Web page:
Carpal tunnel syndrome is a condition that affects the arm and hand. This condition causes numbness, tingling, and a variety of other symptoms. This condition is caused by repetitive movement causing inflammation in the carpal tunnel, which pinches nerves and causes discomfort.
While this disorder is typically caused by repetitive movement, it can also be caused by underlying conditions, such as rheumatoid arthritis or other disorders that cause inflammation.
Carpal tunnel syndrome usually starts with very mild symptoms and gradually gets worse. Usually the symptoms start in the thumb and index finger. Over time, it spreads to the middle finger and possibly the ring and little finger. Generally, the tingling sensation is accompanied by a discomfort in the area of the wrist and the hand. However, discomfort is not always present in cases of carpal tunnel syndrome.
There are many instances of carpal tunnel syndrome in which the exact cause is unknown. In fact, the majority of the cases of people with CTS are of mysterious origin. However, there are also many instances where obesity, hypothyroidism, prediabetes (impaired glucose tolerance), trauma, arthritis, and diabetes are found to be relevant related medical issues. People who are experiencing one of the aforementioned have a greater risk of having problems with the median nerve at the wrist. Genetics can also play a role to the extent that the causes may collectively be multifactorial. Charcot–Marie–Tooth disease is a currently incurable disorder of the peripheral nervous system which can result in pressure palsies such as that as seen in carpal tunnel syndrome. Repetitive procedures which may be the result of work are also thought by many to be a cause of CTS. However, there is still an ongoing debate in the medical community as to whether occupational tasks play a role in the degeneration.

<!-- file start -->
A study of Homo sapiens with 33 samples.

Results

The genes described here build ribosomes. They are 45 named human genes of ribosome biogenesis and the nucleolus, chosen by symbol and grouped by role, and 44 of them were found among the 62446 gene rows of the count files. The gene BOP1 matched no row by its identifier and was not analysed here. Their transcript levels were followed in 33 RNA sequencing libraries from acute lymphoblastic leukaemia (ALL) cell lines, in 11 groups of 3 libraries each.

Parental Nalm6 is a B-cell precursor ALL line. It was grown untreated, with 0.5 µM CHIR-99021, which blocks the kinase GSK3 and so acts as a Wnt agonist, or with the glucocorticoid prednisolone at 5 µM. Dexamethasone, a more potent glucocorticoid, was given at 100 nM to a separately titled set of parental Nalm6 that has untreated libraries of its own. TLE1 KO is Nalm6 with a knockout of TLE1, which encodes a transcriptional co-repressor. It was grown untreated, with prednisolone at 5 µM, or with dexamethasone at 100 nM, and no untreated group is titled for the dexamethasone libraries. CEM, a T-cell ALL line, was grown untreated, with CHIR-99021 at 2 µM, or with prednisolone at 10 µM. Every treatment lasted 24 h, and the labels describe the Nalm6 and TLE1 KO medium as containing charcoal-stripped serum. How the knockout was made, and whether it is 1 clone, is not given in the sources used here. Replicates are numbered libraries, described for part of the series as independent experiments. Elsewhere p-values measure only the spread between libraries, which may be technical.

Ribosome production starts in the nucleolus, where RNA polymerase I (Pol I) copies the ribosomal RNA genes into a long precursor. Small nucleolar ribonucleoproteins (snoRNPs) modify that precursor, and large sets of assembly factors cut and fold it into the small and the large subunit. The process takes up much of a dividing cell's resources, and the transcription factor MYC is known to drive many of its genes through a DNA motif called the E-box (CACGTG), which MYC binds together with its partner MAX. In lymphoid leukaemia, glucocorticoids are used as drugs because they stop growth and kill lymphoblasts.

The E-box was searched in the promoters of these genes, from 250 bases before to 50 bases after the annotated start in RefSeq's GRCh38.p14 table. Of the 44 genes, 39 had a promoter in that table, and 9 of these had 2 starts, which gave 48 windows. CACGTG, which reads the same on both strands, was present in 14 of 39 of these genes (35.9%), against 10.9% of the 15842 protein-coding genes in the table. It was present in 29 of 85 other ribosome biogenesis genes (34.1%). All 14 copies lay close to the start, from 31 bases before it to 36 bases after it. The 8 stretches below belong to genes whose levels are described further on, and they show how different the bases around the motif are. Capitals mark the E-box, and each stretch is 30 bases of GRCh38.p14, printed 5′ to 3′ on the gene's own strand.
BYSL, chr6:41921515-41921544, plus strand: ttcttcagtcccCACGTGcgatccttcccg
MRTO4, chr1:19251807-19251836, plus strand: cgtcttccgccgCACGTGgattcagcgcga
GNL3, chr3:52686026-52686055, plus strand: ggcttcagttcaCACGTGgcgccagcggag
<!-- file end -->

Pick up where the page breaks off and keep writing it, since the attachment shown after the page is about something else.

In order to prevent permanent damage to the carpal tunnel in your wrist, it is important to get treatment as early as possible. This will also reduce the amount of treatment necessary to get the disorder under control.
People who suffer from mild carpal tunnel syndrome are recommended to take frequent breaks from activities that involve working the wrists and hands. It is also recommended for them to avoid doing things that make their symptoms worse.
Many people find relief by applying ice packs, or cold packs. This helps reduce the inflammation that causes symptoms.
Other treatments involve splinting the wrists, anti-inflammatory medications, and in severe situations surgery may be recommended. Keep in mind, surgery is typically only recommended for people who have suffered from symptoms for more than 10 months and who have moderate to severe symptoms.
Some patients do see improvement with the used of corticosteroid injections into the carpal tunnel. This is usually only helpful for patients whose condition is caused by rheumatoid arthritis, or other condition that is similar.
Because of the suggested evidence that carpal tunnel syndrome is in fact caused by repetitive motions it is recommended by many organizations (such as OSHA) and experts that people avoid such repetitive stress. The integration of ergonomic equipment and other more accommodating conditions may help to ease the cumulative pressure and stress which causes issues later in life. There is a myriad of such products on the market which includes everything from chairs to mousepads and more. Also, stretches and isometric exercises may help to loosen and strengthen the wrist so that it is more able to resist the injuries of repetitive stress. Genetic predisposition does seem to play a significant role in many cases, and that means that it may not be avoidable in some subsets of the population.